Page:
The National Association of Broadcasters Monday praised the introduction of a bill that would exempt all joint sales agreements in effect at the time of the FCC's decision that made most of them attributable as ownership interest.
The Bill is backed by a bipartisan quartet of powerful senators.
The one-paragraph bill simply says that parties to JSAs in effect on the effective date of the FCC decision (March 31, 2014) "shall not be considered to be in violation of the ownership limitations..."
A politically divided FCC voted to make all JSAs in which a station sold more than 15% of a second stations ad inventory equivalent to co-ownership for the purposes of local ownership caps. FCC chairman Tom Wheeler signaled that he was closing a loophole that allowed lawyers to game the ownership rules, while broadcasters said that was preventing combos that could help both stations and their viewers.
The bill was introduced by Sen. Roy Blunt (R-Mo.).
Senators Barbara Mikulski (D-Md.), Chuck Schumer (D-N.Y.) and Tim Scott (R-S.C.) joined Blunt as original co-sponsors of the bill.
“This is about protecting our constituents’ access to local news, politics, sports, cultural events, and emergency notifications from their own states,” said Mikulski. “Local broadcasters who play by the rules should be able to trust that Washington won’t make rule changes apply retroactively in ways that harm their ability to serve their communities.”
The deadline for affected broadcasters to comply with the new joint sales agreements rule change is currently Dec. 19, 2016.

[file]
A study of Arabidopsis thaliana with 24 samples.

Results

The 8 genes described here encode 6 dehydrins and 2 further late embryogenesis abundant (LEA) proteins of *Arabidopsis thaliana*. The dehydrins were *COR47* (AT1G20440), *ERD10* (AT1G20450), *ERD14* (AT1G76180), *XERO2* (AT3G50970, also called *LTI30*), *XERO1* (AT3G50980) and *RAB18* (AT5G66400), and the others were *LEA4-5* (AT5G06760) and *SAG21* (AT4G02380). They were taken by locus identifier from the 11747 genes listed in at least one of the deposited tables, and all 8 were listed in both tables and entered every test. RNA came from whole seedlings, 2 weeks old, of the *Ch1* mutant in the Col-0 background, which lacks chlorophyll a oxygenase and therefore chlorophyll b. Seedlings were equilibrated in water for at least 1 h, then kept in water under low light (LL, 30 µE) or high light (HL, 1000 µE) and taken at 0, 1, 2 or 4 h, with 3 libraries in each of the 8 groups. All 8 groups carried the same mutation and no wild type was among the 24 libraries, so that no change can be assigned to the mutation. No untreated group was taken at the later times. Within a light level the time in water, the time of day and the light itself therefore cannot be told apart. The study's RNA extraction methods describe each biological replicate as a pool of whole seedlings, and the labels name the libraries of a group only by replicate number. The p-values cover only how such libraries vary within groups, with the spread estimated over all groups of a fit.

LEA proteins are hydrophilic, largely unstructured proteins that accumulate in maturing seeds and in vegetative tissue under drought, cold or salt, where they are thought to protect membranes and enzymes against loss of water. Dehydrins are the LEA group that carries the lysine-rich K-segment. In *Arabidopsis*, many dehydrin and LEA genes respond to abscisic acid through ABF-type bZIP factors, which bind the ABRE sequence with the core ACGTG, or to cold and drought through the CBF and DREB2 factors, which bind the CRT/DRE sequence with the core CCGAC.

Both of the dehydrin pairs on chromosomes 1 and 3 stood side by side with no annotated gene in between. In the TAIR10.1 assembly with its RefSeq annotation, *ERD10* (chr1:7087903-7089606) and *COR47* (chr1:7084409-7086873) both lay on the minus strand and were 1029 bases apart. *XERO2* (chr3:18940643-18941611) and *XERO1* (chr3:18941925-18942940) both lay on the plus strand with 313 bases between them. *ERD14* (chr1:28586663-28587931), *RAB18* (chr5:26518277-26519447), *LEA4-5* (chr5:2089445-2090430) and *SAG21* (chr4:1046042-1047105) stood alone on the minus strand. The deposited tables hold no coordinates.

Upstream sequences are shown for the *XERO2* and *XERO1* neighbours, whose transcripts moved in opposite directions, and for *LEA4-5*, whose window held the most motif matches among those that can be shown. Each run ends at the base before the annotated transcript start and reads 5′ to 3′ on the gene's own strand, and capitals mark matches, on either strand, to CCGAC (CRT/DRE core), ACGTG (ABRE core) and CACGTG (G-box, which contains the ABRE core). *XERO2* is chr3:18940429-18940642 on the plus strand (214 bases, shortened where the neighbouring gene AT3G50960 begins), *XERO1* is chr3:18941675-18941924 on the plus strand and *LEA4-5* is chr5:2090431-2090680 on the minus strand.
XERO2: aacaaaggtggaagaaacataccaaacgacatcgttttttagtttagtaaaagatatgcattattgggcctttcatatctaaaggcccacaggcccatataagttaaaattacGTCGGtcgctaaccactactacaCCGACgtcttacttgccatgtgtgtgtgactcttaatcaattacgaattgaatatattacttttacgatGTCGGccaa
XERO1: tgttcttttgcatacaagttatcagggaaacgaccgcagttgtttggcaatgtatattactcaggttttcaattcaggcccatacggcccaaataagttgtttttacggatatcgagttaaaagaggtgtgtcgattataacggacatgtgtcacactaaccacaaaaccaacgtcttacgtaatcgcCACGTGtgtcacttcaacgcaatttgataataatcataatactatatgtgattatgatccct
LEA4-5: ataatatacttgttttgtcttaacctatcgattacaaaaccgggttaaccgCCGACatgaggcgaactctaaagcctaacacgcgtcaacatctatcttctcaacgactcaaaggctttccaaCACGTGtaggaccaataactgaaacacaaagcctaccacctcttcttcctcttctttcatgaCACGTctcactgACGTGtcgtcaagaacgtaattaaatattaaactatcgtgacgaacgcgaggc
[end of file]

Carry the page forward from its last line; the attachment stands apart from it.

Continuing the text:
The FCC had given broadcasters two years, or until June 19, 2016, to unwind agreements that would violate ownership caps, but the Congress in the STELAR Act extended that deadline for six months.
“Joint Sales Agreements in Missouri and across the country have helped save TV stations from going dark, increased program diversity, and enabled local news programming for many TV broadcasters,” Blunt said in a statement. “For instance, a JSA enabled a Joplin, Missouri station to upgrade its Doppler radar system, which helped save lives during the devastating tornado of 2011. This bipartisan bill would protect TV broadcasters with pre-existing JSAs from the FCC’s controversial rule that could otherwise prevent citizens in rural areas from getting their news.”
More than a year ago, the entire Missouri delegation had asked Wheeler to grandfather existing JSAs.
Blunt also suggested that the FCC had leapt before it looked. "The FCC has not carried out its statutorily required quadrennial review of media ownership rules in more than six years," his website said in explaining the JSA issue. "As a result, the FCC adopted this Order without current knowledge of this complex marketplace and the changes that have occurred and are continuing."
The FCC adopted the rule change at the same time it said it was combining its 2010 and 2014 quadrennial reviews, which would not be completed until 2016.